BT announces plan for pay rise of up to 16 per cent for all but highest paid staff
BT has announced plans for a pay rise to all but its highest paid staff in a move aimed at resolving a long-running dispute which has led to strikes.
Discussions with the Communication Workers Union (CWU) and Prospect have led to both unions recommending agreement.
The company said it will give a £1,500 pay rise for all UK workers who currently earn £50,000 or less from January 1.
The increase covers all frontline staff and half of managers in the UK.
Combined with an increase made in April, the total pay rise for the lowest paid will be over 15% since this time last year.
BT Group chief executive Philip Jansen said: "This award is based on the principles we have followed throughout this difficult period.
"It gets help to as many of our colleagues as possible, favours our lower paid colleagues, and gives people the security of a built-in, pensionable increase to their pay.
"Crucially, it has been worked on in conjunction with the CWU. As I've said throughout, whatever our differences, our unions are vital partners. We will now build on this collaboration.
"We have agreed with both our union partners that we will all lean into the opportunities and challenges the future will bring, specifically our transformation plans and the delivery of the £3 billion cost savings.
"Ultimately, we all want BT Group to be successful so that we can do the best by our people and customers for years to come."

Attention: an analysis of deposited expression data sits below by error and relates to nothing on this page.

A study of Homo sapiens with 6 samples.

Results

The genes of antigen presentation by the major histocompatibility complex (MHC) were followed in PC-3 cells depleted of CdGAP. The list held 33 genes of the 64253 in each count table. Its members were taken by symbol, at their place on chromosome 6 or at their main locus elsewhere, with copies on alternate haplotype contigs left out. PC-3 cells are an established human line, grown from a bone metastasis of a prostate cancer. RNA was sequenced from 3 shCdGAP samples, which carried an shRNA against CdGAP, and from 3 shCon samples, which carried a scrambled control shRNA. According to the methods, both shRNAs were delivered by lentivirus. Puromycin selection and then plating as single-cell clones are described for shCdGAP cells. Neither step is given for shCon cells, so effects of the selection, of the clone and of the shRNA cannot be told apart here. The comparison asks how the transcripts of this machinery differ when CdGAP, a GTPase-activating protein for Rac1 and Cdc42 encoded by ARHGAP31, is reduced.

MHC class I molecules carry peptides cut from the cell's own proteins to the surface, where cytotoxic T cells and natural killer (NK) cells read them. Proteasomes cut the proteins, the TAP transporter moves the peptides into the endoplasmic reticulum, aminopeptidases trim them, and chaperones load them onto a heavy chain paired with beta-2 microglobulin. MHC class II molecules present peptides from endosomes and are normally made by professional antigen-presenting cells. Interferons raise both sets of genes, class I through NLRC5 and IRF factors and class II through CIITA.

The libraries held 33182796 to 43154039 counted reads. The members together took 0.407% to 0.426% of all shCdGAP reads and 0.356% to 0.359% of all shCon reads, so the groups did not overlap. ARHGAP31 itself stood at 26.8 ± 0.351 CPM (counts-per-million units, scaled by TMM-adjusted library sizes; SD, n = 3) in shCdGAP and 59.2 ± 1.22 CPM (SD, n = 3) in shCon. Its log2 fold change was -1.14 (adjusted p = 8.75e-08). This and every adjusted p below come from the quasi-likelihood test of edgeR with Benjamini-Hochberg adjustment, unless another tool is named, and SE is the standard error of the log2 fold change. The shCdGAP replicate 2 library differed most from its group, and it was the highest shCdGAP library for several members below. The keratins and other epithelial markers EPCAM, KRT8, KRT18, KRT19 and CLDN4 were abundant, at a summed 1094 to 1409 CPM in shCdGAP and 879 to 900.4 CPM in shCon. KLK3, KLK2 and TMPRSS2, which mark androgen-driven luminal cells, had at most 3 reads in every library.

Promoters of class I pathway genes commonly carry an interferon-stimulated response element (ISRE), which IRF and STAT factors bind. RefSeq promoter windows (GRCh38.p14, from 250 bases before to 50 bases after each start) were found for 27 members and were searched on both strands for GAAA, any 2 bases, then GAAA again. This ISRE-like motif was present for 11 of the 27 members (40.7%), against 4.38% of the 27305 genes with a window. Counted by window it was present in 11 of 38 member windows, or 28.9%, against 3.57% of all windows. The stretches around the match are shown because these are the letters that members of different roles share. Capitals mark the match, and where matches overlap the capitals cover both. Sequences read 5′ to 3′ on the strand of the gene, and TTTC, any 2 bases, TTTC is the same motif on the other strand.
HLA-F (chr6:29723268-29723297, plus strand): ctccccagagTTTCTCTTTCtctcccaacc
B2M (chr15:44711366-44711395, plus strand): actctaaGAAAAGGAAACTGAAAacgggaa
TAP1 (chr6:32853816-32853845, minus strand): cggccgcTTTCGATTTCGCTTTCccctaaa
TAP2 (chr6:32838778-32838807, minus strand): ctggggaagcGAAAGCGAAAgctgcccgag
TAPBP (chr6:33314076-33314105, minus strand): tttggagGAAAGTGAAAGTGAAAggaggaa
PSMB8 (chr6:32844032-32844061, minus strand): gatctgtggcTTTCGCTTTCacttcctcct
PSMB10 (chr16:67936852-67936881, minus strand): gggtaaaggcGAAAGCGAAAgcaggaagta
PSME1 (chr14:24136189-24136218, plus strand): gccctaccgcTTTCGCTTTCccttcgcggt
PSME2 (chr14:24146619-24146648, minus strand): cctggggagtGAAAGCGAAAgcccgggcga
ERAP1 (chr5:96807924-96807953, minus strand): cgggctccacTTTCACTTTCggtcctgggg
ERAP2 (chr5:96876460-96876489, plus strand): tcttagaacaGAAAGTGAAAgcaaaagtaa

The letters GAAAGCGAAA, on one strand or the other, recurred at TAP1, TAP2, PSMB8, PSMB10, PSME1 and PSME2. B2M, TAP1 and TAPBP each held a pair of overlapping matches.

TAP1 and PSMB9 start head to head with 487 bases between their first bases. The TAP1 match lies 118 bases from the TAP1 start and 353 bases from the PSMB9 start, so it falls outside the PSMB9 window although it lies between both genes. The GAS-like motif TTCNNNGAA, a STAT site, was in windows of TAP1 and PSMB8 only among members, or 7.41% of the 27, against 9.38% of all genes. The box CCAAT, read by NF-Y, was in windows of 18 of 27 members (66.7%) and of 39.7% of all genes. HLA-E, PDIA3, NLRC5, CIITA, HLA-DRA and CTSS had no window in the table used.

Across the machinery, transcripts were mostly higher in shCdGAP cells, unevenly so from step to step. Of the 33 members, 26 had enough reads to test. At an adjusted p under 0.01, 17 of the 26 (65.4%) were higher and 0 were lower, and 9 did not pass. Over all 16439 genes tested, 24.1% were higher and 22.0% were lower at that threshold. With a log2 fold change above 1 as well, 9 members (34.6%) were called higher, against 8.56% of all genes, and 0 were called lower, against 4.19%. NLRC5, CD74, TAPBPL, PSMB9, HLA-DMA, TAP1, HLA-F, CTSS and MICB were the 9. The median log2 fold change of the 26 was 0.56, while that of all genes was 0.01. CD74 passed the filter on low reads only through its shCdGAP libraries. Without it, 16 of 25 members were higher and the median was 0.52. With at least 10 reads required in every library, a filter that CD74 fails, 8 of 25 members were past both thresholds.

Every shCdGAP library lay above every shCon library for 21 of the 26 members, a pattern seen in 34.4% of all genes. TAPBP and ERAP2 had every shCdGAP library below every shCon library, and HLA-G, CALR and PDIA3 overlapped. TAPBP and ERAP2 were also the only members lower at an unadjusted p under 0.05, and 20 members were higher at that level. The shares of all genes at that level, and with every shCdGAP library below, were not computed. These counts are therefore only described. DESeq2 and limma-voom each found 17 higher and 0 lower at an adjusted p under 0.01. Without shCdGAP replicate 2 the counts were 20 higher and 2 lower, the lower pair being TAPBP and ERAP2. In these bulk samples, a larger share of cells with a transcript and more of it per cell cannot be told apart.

Workers will be balloted on the offer, which the CWU said represented a pay rise ranging from 6% to 16% for workers of different grades.
CWU deputy general secretary Andy Kerr said: "I wish to pay tribute to our members for coming out to strike in such serious numbers.
"Their determination has moved BT into a position where they could no longer ignore the case for a consolidated pay rise - without such unity, the company would have offered a cost-of-living bung at the very best.
"Our members have every reason to be proud, and I hope that they have their say in the forthcoming electronic consultative ballot."
CWU general secretary Dave Ward said: "This pay deal would not have happened without the strike action taken by thousands of BT Group workers across this summer.
"The bravery these workers displayed caught the sympathy of the country, and shocked the company out of its complacency.
"Our members should be proud of their stand, and I hope they will let their voices be heard in the forthcoming ballot."